Today is International Women’s Day, an annual celebration falling on 8th March and dating back to the early 1900s when women campaigned for the right to vote and receive equal pay. Equality continues to be a hot topic today, especially for those who are aware of how far the pendulum still needs to swing, to enable many women to gain equal rights.
The terrible truth is that many consider this almost done and dusted. But a simple examination of statistics show that we are a long way from considering it accomplished. A video was created for last year’s International Women’s Day, featuring a famous face and a powerful message:
Equality for women and the topic of Feminism within Christianity is something I have written on a lot. One of my most commented posts was on this top and can be read here: “Christian Feminism Is Not An Oxymoron”
The definition of feminism that I embrace is that post is as follows: “Feminism: a collection of movements aimed at defining, establishing and defending equal political, economic, social rights and equal opportunities for women.”
Personally I find that 100% compatible with my Christian faith and my reading of Jesus’ behaviour in the Gospels. In fact, based on that definition (and only that definition) I feel comfortable saying ‘Jesus was a feminist’.
Some have taken the term ‘feminism’ and created angry and bitter versions of it. Clearly that is not compatible with an orthodox understanding of Christianity. But in it’s truest form, feminism is simply a quest for equality – something very much on the heart of God, when He created us in His image, as equals.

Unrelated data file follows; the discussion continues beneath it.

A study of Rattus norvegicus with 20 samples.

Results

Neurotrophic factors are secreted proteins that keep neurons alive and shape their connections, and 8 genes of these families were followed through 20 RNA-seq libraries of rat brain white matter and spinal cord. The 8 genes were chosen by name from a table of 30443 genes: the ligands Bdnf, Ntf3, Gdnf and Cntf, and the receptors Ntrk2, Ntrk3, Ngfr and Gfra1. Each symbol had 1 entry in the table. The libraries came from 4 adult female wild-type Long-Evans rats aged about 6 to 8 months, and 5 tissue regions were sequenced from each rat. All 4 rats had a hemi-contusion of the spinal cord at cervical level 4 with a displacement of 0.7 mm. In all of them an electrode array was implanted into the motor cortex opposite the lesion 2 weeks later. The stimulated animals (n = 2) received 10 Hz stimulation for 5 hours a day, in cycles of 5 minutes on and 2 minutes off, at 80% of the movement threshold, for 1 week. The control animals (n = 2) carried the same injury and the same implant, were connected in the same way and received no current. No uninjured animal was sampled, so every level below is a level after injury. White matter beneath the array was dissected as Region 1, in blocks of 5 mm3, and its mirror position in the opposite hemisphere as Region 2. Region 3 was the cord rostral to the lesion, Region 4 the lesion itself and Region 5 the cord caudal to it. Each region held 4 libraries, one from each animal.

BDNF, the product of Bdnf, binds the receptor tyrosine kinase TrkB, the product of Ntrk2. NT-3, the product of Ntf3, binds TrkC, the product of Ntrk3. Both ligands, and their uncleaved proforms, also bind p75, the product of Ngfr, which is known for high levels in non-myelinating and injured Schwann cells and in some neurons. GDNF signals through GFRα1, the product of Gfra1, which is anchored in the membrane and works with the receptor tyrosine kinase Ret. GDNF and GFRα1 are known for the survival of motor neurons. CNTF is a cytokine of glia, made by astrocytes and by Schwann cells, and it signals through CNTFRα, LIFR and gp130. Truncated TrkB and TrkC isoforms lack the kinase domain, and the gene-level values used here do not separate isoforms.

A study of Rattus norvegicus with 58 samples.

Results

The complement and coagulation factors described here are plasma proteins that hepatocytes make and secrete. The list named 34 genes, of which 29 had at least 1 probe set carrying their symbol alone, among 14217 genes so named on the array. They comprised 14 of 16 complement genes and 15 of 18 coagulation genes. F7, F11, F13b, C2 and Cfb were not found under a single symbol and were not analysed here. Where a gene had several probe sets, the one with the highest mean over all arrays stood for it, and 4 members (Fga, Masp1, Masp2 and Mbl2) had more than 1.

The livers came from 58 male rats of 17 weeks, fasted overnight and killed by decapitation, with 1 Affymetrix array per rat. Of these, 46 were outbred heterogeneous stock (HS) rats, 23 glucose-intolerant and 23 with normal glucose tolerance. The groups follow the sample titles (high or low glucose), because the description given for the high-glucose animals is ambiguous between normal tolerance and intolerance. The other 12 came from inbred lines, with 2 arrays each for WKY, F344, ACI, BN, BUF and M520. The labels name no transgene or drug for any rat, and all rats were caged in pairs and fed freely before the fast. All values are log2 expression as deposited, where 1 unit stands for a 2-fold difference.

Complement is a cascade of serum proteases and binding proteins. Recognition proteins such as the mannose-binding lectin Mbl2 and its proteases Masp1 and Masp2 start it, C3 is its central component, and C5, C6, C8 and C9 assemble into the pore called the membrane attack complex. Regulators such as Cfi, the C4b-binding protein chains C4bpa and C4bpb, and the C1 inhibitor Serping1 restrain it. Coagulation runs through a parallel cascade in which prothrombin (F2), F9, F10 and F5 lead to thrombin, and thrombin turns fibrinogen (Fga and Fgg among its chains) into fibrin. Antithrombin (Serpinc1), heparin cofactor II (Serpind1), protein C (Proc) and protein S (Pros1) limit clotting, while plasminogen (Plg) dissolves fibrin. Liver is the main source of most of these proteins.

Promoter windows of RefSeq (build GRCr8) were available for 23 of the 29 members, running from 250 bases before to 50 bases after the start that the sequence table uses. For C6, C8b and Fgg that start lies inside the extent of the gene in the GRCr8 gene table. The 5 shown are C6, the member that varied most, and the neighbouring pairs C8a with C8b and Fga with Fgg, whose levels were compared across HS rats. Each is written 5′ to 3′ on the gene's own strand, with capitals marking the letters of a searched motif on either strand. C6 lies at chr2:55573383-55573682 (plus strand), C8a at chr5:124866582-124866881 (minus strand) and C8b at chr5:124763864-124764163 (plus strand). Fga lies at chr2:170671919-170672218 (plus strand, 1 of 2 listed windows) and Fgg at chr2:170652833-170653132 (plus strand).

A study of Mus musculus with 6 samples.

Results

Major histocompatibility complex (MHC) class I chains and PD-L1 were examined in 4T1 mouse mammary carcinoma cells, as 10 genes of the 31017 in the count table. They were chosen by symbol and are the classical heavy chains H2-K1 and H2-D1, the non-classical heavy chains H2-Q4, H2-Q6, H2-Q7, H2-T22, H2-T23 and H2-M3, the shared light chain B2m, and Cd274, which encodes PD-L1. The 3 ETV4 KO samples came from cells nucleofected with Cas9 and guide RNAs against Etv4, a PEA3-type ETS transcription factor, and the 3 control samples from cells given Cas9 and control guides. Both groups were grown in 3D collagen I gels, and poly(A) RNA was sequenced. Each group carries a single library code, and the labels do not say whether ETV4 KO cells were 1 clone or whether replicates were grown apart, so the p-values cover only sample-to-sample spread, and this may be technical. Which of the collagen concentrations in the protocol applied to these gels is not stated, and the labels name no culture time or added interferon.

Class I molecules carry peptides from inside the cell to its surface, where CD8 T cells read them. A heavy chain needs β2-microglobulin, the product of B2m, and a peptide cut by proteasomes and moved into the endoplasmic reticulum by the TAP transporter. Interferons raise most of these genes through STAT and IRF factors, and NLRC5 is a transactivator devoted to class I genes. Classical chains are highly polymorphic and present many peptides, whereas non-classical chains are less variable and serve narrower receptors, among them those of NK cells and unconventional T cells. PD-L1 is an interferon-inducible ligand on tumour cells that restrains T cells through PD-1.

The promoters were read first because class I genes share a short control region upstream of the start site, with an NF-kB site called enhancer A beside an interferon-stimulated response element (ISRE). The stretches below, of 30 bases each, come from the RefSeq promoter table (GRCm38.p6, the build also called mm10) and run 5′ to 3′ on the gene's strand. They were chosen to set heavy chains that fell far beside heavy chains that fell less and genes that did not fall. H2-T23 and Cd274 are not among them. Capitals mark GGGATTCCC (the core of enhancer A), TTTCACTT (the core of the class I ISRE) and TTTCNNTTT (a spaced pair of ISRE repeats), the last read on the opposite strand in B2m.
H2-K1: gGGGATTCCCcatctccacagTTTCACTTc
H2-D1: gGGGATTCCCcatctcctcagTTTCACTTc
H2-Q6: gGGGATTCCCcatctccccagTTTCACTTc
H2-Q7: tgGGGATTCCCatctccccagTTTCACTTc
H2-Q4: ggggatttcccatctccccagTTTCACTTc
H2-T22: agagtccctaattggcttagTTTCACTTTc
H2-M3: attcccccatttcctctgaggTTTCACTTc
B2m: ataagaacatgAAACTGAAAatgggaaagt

Using this kind of definition, feminism is not something limited to women only. Men can be feminists if they believe in and seek the equal value and treatment of women. So it’s not exclusive.
Some would say the term has too much baggage to be used and understood in a Christian context. They argue that it simply creates too much division and misunderstanding. But what about all the other terms we use that have become laden with baggage and negative overtones for some people? Should we throw out the word ‘Christian’ just because some people have given it a bad name? Or what about terms like Evangelical; should everyone reject those definitions because some have given them a host of negative associations?
I don’t think so. I believe that language always becomes tired, over-used and in need of resurrection. Perhaps feminism is a term that Christians could dust down, re-examine and embrace. In it’s purest sense it is a quest for women to be treated equally. The more angry, shrill associations it carries are only expressions of this goal. We can use a term without needing to replicate all the behaviours of others who have walked under its banner. We can redefine what it looks like to express feminism as a position and a passion.